Tooth Root Abscess in Dogs
What is a tooth root abscess?
A tooth root abscess is a severe infection that develops around the root of a tooth usually occurring from a broken or traumatized tooth.
What causes a tooth root abscess?
A tooth root abscess forms when bacteria enter the exposed root canal of the tooth. In dogs, this most often occurs when the tooth breaks from chewing on a bone, antler, ice cubes, cow hoof, or hard nylon toys exposing the tissues that lie beneath the enamel. A tooth root abscess may also develop in association with periodontal disease, an infection of the tissues surrounding the tooth.
"The most common cause of a broken or cracked tooth is traumatic injury."
What is the most common location for a tooth root abscess in dogs?
Any tooth can fracture, however the large upper and lower canine teeth, followed by the upper fourth premolar, are the most commonly broken teeth that develop a tooth root abscess. These are known as the carnassial or shearing teeth, so this type of abscess is aptly referred to as a carnassial tooth abscess.
When either or both of the carnassial teeth are fractured exposing the underlying pulp a severe painful infection can develop.
What is a slab fracture?
A slab fracture develops when a dog’s cheek teeth bite down on a hard object at just the right angle and with just the right force to break off a flake or slab of the tooth, exposing the underlying sensitive dentin and often the nerve. The slab that breaks off may be a small chip or a large piece of the tooth.
Are there any obvious symptoms when a dog has a tooth root abscess?
Although humans know that abscessed teeth are very painful, dogs do not typically show any obvious signs of pain when they have a tooth root abscess. Instead, your dog may be reluctant to chew on his toys or he may pull away when his head istouched. An observant owner may notice that their dog is only eating or chewing on one side of his mouth, or the dog drops his when chewing on the affected side.
Some dogs will have bad breath while others will paw at the affected side of their face or rub their face along the ground. Pet owner may assume the dog simply has an itch, but it could be the sign of an abscessed tooth.
If the abscessed tooth is the upper fourth premolar or first molar tooth, the outward signs are often mistaken for some other problems, such as an eye infection or a puncture wound. This happens because these tooth roots lie just below the eye, and when they become abscessed the infection quickly spreads to the surrounding tissues. The tissue below the eye will usually become swollen and inflamed just before the abscess bursts. (Insert picture 8 with caption: Swelling and discharge under eye from a fractured upper fourth premolar) If you look inside the dog's mouth, there will often be swelling and redness on the gums around the affected tooth.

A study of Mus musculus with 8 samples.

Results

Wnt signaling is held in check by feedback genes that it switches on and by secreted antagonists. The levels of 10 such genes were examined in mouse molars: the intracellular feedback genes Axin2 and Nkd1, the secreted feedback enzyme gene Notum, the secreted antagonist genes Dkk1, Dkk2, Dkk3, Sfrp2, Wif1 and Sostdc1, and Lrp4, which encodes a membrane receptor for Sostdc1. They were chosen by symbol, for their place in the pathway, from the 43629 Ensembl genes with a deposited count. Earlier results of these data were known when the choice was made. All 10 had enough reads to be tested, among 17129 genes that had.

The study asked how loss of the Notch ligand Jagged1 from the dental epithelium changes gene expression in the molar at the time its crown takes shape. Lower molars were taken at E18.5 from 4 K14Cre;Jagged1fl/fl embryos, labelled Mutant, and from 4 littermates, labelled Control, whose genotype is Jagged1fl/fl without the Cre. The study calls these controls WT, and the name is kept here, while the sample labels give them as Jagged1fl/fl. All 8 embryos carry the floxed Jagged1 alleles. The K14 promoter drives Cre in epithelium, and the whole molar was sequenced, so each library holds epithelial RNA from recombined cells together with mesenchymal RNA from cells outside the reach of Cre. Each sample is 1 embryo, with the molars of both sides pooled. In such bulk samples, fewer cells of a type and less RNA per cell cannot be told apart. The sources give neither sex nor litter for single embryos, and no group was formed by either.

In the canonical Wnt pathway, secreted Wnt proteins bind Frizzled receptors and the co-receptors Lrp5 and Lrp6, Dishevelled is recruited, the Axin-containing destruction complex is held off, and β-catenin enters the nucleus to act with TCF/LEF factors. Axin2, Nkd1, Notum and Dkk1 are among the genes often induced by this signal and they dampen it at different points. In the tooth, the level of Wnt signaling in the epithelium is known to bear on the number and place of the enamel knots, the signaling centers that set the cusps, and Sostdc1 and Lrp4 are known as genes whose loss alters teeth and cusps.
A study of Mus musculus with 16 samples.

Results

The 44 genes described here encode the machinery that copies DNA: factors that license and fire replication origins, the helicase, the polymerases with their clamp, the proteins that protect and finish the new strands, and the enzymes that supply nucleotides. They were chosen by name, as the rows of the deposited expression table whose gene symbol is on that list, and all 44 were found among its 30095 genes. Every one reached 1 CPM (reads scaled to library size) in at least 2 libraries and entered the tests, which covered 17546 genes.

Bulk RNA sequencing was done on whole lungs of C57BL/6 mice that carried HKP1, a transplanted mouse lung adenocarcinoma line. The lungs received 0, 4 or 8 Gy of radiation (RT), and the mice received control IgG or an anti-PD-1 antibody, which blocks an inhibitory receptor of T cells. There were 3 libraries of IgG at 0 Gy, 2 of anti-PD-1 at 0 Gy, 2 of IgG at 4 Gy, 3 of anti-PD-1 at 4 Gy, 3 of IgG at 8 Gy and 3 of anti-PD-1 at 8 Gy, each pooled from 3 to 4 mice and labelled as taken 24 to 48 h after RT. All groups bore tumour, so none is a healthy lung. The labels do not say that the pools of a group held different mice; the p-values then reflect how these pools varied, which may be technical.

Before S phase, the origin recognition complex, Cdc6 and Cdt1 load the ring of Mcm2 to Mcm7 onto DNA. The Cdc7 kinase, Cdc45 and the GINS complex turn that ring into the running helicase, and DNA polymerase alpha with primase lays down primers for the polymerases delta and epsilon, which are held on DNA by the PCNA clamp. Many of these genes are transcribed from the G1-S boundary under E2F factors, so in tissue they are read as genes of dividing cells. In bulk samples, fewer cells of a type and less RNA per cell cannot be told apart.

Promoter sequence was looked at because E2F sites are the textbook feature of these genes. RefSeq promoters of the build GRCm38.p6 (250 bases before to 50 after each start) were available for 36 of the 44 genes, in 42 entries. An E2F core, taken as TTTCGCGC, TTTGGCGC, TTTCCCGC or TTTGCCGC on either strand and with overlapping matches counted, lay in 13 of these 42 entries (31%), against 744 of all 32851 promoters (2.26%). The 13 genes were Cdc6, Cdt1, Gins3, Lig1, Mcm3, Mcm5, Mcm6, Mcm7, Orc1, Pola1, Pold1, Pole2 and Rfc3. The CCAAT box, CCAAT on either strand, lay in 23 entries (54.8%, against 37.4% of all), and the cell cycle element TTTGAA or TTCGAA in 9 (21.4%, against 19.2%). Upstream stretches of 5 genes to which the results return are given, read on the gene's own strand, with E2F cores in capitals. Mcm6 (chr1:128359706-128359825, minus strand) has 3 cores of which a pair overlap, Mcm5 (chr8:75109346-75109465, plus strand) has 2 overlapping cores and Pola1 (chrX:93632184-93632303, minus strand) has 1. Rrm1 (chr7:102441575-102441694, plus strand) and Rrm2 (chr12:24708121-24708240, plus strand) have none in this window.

How is a tooth root abscess diagnosed?
In some cases, such as when there is an obvious slab fracture or damage to a tooth that is accompanied by the presence of a discharge, the diagnosis of a tooth root abscess is simple and straightforward. Your veterinarian will need to take dental x-rays or refer you to a veterinarian that can determine whether the abscess has spread to the surrounding teeth, compromising their health.
What is the treatment for a tooth root abscess?
A tooth root abscess is a very painful condition and needs to be treated as soon as possible. Antibiotics will be prescribed to control the infection and either an anti-inflammatory and/or pain relief medication will be prescribed to help with soreness. Although this medical treatment will deal with the symptoms, it will not treat the underlying tooth injury.
There are two options for treatment of the abscessed tooth. One option is a root canal treatment, which usually saves the tooth, and the other option is extraction.
The tooth may be saved if a root canal treatment is performed. However, the likelihood that a root canal treatment of an abscessed tooth will be successful depends on the health of the surrounding tissues and the condition of the affected tooth. Some general practitioners are comfortable performing a root canal treatment on an abscessed tooth, but most veterinarians will refer these complex cases to a veterinary dental specialist (www.avdc.org).
If the abscessed tooth has extensive bone loss around its socket, or if there is significant damage to the crown of the tooth, your veterinarian may recommend extraction as the best treatment. Your veterinarian will be in the best position to recommend the appropriate option for your dog, depending on the severity of the abscess and the degree of damage to the tooth and surrounding structures.
If the abscessed tooth is extracted, your veterinarian will prescribe antibiotics and pain medications for a period of time, determined by the severity of the condition. Your dog may or may not require a change in diet during the post-operative recovery period. Once the gums have healed over, most dogs can resume their regular diet and activity level.
All dogs should have a dental examination performed by their veterinarian at least every six months. For a dog that has developed a tooth root abscess, your veterinarian may recommend more frequent dental examinations.